Berkeley City Council approves pools measure for November ballot

Berkeley community members advocate for the reopening and renovation of the city's closed pools.
Adelyn Baxter/Senior Staff
Berkeley community members advocate for the reopening and renovation of the city's closed pools.


If passed by voters, the measure would build a new warm water pool to replace the one that closed down last December at Berkeley High School, renovate the pool at Willard Middle School and improve locker rooms at King Pool in North Berkeley.

The $19.4 million bond was lowered from $20 million, which city staff estimated would have cost approximately $25 a year for a Berkeley homeowner with property value of around $330,500. The parcel tax would cost about $15 for a homeowner with a 1,900-square-foot home to fund the estimated $604,000 operational costs for the pools.

The council’s unanimous vote marks a milestone for pool advocates who support the “restoration” of the city’s pools after an unsuccessful attempt to pass a pool measure in 2010 under Measure C, which narrowly failed during the June 2010 primary election and would have generated funds to renovate the pools.

More than a dozen community members spoke at the meeting in favor of the measure, highlighting concerns of accessibility to swimming pools in South Berkeley, availability of a warm pool for individuals with disabilities and overhead budget cost, which several community members suggested could be reduced by hiring an impartial external project manager.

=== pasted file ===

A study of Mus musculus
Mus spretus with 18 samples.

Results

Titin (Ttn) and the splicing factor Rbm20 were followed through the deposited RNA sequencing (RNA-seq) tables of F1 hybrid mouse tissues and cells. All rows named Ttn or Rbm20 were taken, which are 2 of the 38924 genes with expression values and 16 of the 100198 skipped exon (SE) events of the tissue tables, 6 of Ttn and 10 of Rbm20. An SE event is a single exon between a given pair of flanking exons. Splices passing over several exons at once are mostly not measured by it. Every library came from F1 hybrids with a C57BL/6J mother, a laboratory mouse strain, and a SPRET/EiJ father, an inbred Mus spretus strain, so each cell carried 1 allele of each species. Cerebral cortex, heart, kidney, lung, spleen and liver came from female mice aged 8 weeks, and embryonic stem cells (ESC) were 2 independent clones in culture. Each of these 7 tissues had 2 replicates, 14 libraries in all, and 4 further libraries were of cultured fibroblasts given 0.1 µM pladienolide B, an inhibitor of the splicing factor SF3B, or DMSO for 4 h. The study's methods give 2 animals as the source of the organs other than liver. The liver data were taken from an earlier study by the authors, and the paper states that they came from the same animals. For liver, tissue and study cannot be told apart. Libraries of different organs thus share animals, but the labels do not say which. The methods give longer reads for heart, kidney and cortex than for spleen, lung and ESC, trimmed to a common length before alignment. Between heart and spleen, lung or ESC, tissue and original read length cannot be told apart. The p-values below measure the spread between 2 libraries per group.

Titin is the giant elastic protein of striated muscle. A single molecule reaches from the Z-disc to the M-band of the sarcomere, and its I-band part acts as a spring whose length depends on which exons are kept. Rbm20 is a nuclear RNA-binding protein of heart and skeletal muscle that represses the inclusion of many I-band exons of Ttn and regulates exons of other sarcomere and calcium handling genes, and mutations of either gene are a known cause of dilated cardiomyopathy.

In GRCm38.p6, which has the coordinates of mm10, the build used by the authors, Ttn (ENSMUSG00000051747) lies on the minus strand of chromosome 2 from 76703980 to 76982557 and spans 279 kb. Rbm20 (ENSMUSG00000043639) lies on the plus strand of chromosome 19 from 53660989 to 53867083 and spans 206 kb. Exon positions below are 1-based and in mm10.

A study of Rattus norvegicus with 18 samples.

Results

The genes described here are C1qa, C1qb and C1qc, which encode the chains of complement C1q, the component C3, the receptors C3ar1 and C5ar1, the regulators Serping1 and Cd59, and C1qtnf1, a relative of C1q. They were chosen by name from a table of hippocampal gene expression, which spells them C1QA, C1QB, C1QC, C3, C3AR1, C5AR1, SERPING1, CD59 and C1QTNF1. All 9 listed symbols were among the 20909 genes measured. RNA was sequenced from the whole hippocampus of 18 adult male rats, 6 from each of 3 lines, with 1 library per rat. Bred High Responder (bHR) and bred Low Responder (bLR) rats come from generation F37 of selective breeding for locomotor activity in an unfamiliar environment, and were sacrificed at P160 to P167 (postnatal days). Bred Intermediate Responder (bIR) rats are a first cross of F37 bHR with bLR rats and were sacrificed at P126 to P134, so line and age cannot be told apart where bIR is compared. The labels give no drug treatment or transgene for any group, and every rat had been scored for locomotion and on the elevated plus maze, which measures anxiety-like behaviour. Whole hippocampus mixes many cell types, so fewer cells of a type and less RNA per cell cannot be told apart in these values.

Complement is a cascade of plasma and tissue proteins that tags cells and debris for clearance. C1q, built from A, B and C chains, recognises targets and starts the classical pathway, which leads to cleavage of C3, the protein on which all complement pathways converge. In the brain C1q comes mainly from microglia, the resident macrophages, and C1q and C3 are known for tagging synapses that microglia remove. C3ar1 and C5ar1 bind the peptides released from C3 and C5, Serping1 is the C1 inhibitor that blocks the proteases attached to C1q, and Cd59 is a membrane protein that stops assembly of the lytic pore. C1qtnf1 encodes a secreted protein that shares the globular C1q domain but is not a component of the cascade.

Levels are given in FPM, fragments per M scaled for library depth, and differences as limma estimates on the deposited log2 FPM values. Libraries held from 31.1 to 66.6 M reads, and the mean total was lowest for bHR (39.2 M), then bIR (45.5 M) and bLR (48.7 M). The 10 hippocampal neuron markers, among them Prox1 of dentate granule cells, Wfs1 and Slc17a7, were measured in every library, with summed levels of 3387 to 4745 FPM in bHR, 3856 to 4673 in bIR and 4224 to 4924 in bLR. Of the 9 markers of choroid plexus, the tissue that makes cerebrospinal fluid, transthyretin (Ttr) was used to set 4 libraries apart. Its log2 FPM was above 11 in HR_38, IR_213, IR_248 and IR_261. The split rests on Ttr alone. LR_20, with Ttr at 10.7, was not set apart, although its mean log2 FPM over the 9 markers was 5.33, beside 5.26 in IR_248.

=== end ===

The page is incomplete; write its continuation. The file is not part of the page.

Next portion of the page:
“One of the lessons learned (from 2010) is that real attention needs to be given to administrative overhead,” said Robert Collier, co-chair of the Berkeley Pool Campaign. “Voters care about the number figure. We want maximum value.”

Katya Rochell was one of a handful of community members who spoke on the need for a warm water pool for residents with disabilities. Since the closure of the last warm pool she said she has been unsatisfied with her next closest option.

“The warm pools helped me out,” Rochell said. “I am a disabled person. Now I have to swim at the Y, and they say they are accommodating to the disabled, but it is full of teenagers … I miss my adult swimming class.”

Another measure proposed for the November ballot includes a $30 million bond for watershed and street improvements. Debate on the measure was centered on what the focus of the proposal should be, with council members split over both watershed and street improvements.

“I think the streets are horrible. I think the streets are falling apart,” Bates said. “(They) are the most important issue and we are ignoring it.”

The watershed measure will be discussed and possibly voted on at the July 10 council meeting. The council will need to make a decision regarding the measure by the July 24 meeting in order to place the item on the ballot.